Missouri University of Science and Technology
From molecules to metals to medicines, chemistry plays a part in everything engineered by humans. Chemists understand the properties of the materials from which products are made, they analyze the complex ingredients that comprise the human body, and they develop materials for use in space.
Chemistry is the study of elements, the compounds they form, and the reactions they undergo. With a chemistry degree, you can help clean up ocean oil spills, study hydrogen-powered transit, develop new medications, find genetic codes, create “green” cleaning products, or make stronger, more durable, and more life-like prostheses.
What about S&T's biochemistry program?
At Missouri S&T, biochemistry is a specialty area of chemistry that focuses on the study of chemical processes in living organisms. It deals with the structure and function of cellular components, such as proteins, carbohydrates, lipids, nucleic acids, and other biomolecules. Biochemistry is a popular option for students that want to pursue medical school, work in emerging areas of biotechnology and bioinformatics, or work for agriculture or food companies.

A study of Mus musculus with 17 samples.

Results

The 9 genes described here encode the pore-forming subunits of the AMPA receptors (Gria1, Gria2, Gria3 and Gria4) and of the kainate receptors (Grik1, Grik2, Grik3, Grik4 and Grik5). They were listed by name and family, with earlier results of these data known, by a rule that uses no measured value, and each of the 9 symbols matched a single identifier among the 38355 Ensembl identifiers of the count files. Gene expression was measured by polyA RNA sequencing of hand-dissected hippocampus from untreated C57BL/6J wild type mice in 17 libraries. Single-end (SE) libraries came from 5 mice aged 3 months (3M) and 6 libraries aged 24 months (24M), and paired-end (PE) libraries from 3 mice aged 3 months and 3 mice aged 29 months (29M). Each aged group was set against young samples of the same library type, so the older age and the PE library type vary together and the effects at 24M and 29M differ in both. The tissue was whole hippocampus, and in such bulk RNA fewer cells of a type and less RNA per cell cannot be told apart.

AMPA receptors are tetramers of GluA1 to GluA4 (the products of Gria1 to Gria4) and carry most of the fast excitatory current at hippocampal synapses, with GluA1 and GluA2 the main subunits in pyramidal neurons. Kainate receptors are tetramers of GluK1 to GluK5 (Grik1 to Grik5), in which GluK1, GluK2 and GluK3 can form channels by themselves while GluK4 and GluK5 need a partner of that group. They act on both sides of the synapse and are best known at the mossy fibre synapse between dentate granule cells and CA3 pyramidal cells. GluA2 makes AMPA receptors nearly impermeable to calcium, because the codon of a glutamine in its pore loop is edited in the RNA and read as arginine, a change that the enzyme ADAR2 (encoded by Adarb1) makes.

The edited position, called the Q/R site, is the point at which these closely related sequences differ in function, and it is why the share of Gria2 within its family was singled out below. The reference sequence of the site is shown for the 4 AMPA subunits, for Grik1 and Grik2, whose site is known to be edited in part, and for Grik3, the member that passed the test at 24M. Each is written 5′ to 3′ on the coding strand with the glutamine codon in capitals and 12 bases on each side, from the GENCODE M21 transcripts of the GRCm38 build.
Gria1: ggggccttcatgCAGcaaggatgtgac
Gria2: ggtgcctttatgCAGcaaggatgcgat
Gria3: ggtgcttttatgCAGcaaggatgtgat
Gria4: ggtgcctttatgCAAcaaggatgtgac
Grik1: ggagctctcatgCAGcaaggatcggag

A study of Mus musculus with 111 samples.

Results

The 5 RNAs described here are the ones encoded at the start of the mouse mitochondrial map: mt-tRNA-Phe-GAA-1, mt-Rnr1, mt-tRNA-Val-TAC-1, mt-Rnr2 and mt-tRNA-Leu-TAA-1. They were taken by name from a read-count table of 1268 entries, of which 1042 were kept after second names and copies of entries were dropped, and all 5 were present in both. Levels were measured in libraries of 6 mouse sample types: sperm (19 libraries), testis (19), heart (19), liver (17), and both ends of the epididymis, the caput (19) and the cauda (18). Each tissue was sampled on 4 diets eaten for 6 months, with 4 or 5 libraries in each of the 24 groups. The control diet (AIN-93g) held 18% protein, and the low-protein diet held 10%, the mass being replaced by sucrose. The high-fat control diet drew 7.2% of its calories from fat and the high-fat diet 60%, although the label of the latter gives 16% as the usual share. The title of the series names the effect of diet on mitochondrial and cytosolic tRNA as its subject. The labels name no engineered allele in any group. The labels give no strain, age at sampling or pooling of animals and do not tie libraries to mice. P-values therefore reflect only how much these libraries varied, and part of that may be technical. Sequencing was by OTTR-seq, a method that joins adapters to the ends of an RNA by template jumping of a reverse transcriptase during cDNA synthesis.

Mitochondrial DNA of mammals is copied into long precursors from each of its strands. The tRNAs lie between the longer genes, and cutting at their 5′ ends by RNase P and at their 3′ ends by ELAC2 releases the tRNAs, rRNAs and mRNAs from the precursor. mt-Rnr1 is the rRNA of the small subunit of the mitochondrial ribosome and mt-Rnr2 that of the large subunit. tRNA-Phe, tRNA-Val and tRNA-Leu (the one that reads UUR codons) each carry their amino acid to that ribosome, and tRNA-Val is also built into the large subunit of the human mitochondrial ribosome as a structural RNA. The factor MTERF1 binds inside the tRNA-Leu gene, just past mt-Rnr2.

Where do chemists and biochemists work?
Graduates in chemistry have endless career possibilities, from developing new materials for space shuttles at NASA to quality assurance testing of everyday consumer products. Chemists have taken jobs in agricultural industries, pharmaceutical companies, oil and petroleum companies, and forensics.
Missouri S&T's Chemistry program is accredited by the American Chemical Society.
Our faculty are among the most frequently cited chemists in the world.
Chemistry is interdisciplinary. S&T chemists study everything from cancer and HIV to soybean oil-based paint for highway markings.
We work together. S&T's chemistry program has a 5:1 student-to-faculty ratio.
S&T has one of the most comprehensive and high-regarded chemistry programs in the nation.
Specialize in something you love. S&T chemists tackle analytical, bio, electro, environmental, inorganic, medical, nuclear, organic, physical, and polymer chemistry.